Friday, May 02, 2003

The "voucher wars" come to Washington

D.C. Mayor Anthony Williams now backs the Bush administration's plan to introduce limited "vouchers" into the District's government school system. The proposal would establish a pilot program in D.C. permitting parents to obtain vouchers for their choice of public or private school. The mayor's endorsement, however, does not represent a united view. Many D.C. officials prefer to keep the city's children as hostages of the teacher cartel:

"Public tax dollars should not go to sending children to private institutions that do not endure the same amount of scrutiny regarding their education measures as the [public] school system," D.C. Council member Adrian Fenty, Ward 4 Democrat, said in a written statement.

Fenty's statement ignores reality. D.C. schools have the highest per-pupil spending rate in the nation, yet performance is among the worst. Furthermore, the amount of "scrutiny" given the government schools is suspect. Accountability has never been a first principle of D.C. govermnent officials, who spend more time whining about their lack of tax revenue than they do lowering the burdens on businesses and economic development.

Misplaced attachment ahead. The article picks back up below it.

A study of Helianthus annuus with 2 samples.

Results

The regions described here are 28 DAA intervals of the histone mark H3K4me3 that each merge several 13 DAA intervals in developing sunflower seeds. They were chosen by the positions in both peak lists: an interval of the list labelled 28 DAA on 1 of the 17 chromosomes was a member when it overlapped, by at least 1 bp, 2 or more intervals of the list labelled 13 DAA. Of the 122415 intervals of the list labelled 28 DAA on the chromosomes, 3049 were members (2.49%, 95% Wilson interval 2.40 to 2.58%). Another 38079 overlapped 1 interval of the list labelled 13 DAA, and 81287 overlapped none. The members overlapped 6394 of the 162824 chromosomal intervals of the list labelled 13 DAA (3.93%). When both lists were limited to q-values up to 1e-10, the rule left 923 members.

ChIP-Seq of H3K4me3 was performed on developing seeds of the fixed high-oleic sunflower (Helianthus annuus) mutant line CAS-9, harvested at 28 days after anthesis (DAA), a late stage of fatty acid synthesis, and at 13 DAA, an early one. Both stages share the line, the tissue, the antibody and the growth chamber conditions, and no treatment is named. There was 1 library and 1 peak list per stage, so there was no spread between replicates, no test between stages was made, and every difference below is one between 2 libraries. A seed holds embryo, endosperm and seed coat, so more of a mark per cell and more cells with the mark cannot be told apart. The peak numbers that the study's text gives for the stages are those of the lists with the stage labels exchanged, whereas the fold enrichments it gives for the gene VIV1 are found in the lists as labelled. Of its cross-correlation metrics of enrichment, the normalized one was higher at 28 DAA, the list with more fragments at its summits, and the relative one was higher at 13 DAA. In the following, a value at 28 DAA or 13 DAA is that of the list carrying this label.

Not surprisingly, the teacher cartel (i.e. unions) are livid about even the thought of vouchers:

"It is disingenuous at best and duplicitous at worst to siphon money from the District's public schools to finance vouchers for private school education when there is already a proposal to cut $100 million from the city's school budget," said Sandra Feldman, president of the American Federation of Teachers, the parent organization of the Washington Teachers Union.

"If voucher advocates really want to help students and strengthen D.C. schools, they should stand with the citizens and teachers of Washington, D.C., who oppose private school vouchers and support the use of effective educational programs and strategies," Miss Feldman said in a statement.

Feldman has no credibility to make her arguments. For one thing, the AFT has actively opposed numerous measures that would put the interests of students ahead of the union. Consider merit pay. It's a simple proposition—pay the better teachers more money without regard to seniority. This principle is applied in almost every business in America, yet its antithetical to government school administration, because the AFT will only support seniority-based pay systems. But if we're supposed to put the students first, shouldn't we ensure that only the best teachers are out there?

And who exactly opposes vouchers outside the union? Are we really supposed to believe that any parent—at least any rational parent—would intentionally deny themselves greater choice and control over the child's education?